The first Aviation Country Club was opened in New York. A branch in
Chicago was supposed to open in . This card in Vicky’s memorabilia says that the club was located at Palwaukee Airport now located in the northwest suburbs of Wheeling and Prospects Heights.
The Aviation Country Club was patterned after Golf Clubs. It had all the amenities for the upper class members. The Club included Club airplanes, private member planes, machine shops, fueling facilities, and spectator stands for air shows.
Members could commute to work and back. Members of one club were permitted to use other clubs in different cities.
The Clubhouse had rooms to stay overnight, restaurants and a bar. It truly was very swanky with its elite clientele. During the evening there was dancing under the stars.
The restaurant at Palwaukee was a called Petruska’s. It was a branch of a downtown place of the same name.
Lindbergh, Guggenheim, Vanderbilt, and JP Morgan were the founding members of the Aviation Country Club.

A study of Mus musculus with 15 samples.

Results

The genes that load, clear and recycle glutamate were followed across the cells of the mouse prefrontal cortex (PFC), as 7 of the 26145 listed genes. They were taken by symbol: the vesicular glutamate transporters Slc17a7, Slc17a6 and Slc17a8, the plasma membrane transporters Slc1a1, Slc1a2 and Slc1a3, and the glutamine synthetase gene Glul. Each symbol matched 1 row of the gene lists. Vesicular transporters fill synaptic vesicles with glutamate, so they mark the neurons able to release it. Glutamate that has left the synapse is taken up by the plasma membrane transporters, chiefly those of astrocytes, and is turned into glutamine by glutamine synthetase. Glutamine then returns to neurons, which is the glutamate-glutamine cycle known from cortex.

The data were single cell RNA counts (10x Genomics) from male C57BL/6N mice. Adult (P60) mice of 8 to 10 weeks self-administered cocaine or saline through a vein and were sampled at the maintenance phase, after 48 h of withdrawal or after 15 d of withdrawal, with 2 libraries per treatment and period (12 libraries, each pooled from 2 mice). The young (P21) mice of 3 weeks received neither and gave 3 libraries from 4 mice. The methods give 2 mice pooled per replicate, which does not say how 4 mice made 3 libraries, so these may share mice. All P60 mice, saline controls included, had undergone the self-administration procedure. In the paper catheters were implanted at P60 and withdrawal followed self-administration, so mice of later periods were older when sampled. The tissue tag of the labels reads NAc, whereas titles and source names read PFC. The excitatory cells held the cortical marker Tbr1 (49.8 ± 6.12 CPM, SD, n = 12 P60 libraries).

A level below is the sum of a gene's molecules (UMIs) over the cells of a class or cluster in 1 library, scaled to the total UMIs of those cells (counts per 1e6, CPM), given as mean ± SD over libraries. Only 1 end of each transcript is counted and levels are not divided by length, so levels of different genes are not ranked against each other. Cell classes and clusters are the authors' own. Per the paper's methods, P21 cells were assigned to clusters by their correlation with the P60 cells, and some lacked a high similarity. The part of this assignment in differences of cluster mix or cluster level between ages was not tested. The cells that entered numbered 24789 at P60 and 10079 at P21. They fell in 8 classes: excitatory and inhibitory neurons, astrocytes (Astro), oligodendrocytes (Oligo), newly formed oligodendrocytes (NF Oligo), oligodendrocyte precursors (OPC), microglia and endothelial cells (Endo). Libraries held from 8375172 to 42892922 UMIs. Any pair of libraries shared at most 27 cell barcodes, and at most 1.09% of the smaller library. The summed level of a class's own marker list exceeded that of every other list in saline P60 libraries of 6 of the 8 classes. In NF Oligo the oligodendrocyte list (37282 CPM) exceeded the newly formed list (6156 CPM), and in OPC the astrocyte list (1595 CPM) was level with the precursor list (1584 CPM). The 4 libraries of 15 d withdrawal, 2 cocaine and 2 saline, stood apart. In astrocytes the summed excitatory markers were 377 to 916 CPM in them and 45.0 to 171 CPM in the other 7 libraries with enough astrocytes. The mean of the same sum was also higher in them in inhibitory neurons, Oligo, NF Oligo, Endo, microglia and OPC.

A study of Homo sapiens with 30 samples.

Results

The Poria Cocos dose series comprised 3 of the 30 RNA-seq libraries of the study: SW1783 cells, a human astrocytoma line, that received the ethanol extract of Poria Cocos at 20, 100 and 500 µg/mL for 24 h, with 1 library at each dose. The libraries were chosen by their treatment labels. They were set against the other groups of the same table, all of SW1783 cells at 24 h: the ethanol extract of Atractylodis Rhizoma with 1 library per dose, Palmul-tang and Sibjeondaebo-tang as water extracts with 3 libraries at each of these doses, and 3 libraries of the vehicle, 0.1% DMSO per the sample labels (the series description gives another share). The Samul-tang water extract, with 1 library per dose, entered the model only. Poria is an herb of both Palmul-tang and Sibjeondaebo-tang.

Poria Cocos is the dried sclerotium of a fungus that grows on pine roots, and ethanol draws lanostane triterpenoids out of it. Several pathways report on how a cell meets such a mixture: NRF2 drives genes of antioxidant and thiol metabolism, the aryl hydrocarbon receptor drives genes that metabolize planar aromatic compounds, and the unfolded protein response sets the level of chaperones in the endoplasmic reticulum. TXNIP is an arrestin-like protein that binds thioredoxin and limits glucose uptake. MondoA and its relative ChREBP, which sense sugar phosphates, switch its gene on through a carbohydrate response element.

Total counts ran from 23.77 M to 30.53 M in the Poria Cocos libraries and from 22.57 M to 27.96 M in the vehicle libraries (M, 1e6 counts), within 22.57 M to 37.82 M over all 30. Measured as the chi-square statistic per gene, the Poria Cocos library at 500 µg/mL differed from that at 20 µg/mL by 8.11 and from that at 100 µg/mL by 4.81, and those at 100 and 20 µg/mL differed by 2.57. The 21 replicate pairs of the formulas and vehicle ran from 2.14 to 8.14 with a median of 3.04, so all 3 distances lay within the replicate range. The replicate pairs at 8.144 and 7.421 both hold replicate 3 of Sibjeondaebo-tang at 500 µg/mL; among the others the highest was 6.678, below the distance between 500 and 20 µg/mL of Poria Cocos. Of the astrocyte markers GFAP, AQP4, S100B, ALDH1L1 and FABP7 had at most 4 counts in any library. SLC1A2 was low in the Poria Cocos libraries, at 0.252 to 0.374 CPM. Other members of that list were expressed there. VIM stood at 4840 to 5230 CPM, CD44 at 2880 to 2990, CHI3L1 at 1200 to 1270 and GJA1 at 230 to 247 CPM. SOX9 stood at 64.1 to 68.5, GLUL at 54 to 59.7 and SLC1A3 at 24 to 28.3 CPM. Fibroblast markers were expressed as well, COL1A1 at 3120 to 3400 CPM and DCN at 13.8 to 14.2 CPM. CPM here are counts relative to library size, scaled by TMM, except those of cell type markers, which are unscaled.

Even though Vicky had the card saying that the Club was at Palwaukee airport websites say that the club was really at Sky Harbor Airport near Glencoe, IL. One of the main attractions was the fully pilot training school.
Safety was the major concerns of the Club. The airport was equipped for day and night flying. Very few fields had lighting so they could fly at night. This airfield had a revolving beacon that made night flying possible.
Social flying in the 30’s increased the interest in joining the Aviation Country Club. Near the club flyers built large homes with room to have runways.
The club was an upscale hangout for aviators. It was a perfect place to fly whether you used the clubs planes or your own. “Fame, money, and high-flying connections were requirements for membership. Because Vicky and Ward were related to Durant they were socially acceptable to join. Don’t know if they were members but it sure would have been a place that Vicky would fit in. Membership was a matter of social connections and status just like a golf club.
Another reason for the existence for the clubs was a serious matter. It was hoped to
develop pilots for a potential war where planes and pilots would be needed for the war effort.
Many of these clubs were being developed and membership was extended to all. Pilots that were members of the Hicksville club would be members of any other club in the country.
Unfortunately, the Depression caused the demise of the Aviation Country Clubs. This area would become Levittown, the first planned suburban community.